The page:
Wayne Rooney has defended his decision to make a farewell appearance for England and hopes it becomes a tradition for players to be honoured.
The D.C. United forward will win his 120th England cap on Thursday after Gareth Southgate sanctioned an appearance in the friendly with the United States at Wembley, two years after announcing his international retirement.
“Everyone is entitled their opinions but the most important thing is speaking with FA we both felt it was right,” Rooney told a news conference.
“The players I’ve spoke to agree and as a country, we haven’t done anything like this before. I hope in 10 or 15 years we are sat here for someone like Harry Kane who can go on to get the goal-scoring record. But I’m not asking people to agree with it.”
Rooney, 33, is England’s all-time leading scorer with 53 goals but has not represented his country since lining up against Scotland at Wembley in November 2016 and the decision to recall him has split opinion.
He insisted Southgate will have the final say on how much he will feature in the game and has made no demands about wearing the No. 10 shirt, or asking for the captain’s armband.
“I’m not making any demands, my message to Gareth was ‘you get what you need out of me and when you feel it’s right to bring me on that’s fine for me,'” he said. “It’d be nice [to score], but the main thing is to run out at Wembley one last time and have the opportunity to thank the fans for the years they’ve supported me.”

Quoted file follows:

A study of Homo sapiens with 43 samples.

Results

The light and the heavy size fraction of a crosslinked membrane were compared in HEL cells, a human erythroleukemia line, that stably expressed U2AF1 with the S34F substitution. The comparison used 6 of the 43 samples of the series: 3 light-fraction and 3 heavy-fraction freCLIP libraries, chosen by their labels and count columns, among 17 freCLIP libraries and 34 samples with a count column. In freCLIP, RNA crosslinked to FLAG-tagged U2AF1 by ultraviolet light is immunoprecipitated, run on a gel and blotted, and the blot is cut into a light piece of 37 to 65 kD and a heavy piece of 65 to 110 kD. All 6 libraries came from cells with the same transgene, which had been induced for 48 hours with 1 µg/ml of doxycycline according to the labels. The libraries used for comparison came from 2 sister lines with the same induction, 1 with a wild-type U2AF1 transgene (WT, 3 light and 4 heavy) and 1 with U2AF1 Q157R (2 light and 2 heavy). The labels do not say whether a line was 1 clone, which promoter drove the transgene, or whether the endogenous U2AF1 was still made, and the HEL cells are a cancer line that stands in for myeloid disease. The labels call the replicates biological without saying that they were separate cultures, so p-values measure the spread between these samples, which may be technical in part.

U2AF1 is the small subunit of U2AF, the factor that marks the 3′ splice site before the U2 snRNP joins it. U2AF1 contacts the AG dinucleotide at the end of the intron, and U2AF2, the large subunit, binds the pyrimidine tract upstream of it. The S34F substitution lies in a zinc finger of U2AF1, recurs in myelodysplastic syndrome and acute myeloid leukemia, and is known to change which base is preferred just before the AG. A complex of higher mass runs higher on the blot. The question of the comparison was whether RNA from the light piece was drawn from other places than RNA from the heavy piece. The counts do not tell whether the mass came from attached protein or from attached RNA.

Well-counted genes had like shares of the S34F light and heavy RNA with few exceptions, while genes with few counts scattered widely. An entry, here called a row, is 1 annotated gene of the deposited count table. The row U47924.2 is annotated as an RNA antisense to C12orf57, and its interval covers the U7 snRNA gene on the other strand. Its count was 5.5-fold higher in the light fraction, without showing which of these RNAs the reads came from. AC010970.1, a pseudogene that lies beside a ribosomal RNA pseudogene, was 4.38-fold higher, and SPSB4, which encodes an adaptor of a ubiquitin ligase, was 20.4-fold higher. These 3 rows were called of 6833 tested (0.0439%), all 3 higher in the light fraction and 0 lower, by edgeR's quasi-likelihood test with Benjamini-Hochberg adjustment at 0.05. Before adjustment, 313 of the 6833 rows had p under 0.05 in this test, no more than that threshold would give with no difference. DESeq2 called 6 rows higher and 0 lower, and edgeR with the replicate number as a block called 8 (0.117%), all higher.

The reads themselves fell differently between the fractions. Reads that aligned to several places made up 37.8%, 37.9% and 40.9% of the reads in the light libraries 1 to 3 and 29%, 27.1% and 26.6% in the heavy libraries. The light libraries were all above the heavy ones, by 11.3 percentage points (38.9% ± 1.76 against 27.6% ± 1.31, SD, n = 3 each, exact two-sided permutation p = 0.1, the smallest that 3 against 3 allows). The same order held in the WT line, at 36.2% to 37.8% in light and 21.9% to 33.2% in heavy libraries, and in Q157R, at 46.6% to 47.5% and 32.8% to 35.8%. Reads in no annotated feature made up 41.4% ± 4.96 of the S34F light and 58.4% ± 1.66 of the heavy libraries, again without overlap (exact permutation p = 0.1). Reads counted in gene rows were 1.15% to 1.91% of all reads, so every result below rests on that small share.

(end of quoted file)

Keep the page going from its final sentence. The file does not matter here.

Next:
Rooney said the appearance will definitely be his last for England and will probably his final senior match in the country with a return to the Premier League unlikely.
“It will be my last game,” he said. “My form has been good in the States and if I got called up because of that then it would be a different situation, but this will be my last game.
“I made the decision to go the States and when I make a decision I tend to stick with it. It’s important to give my full commitment to D.C. I’ve seen talked about a loan move but I’m not prepared to do it. I’ve found my feet in States and the children are settled.”
Rooney also revealed that he spoke to England manager Southgate about playing in a farewell match before the World Cup but they decided it wasn’t the right time with the potential to disrupt preparations.
The striker also paid tribute the Three Lions boss, saying he was one of the most courageous coaches during his 13-year England career with his decision to bring through young forwards rewarded with fourth place at last summer’s World Cup finals.
“We have had the idea for 12 months,” he said about his farewell appearance. “We were going to do a game before the World Cup but it was not the right timing.
“The players were preparing for the biggest tournament in football. Personally I didn’t think it was right to get in the way of that. We both felt it was right now though.”
On Southgate, he added: “He’s fearless. A lot of the other managers didn’t give the youth an opportunity to express themselves and have an impact. To be fair to Gareth, he’s done that.
“He’s not only given them experience but belief they can do well and be successful for their country. Out of the England managers I’ve had he’s probably the only one who’s really brought so many through as a group and he deserves a lot of credit for that.”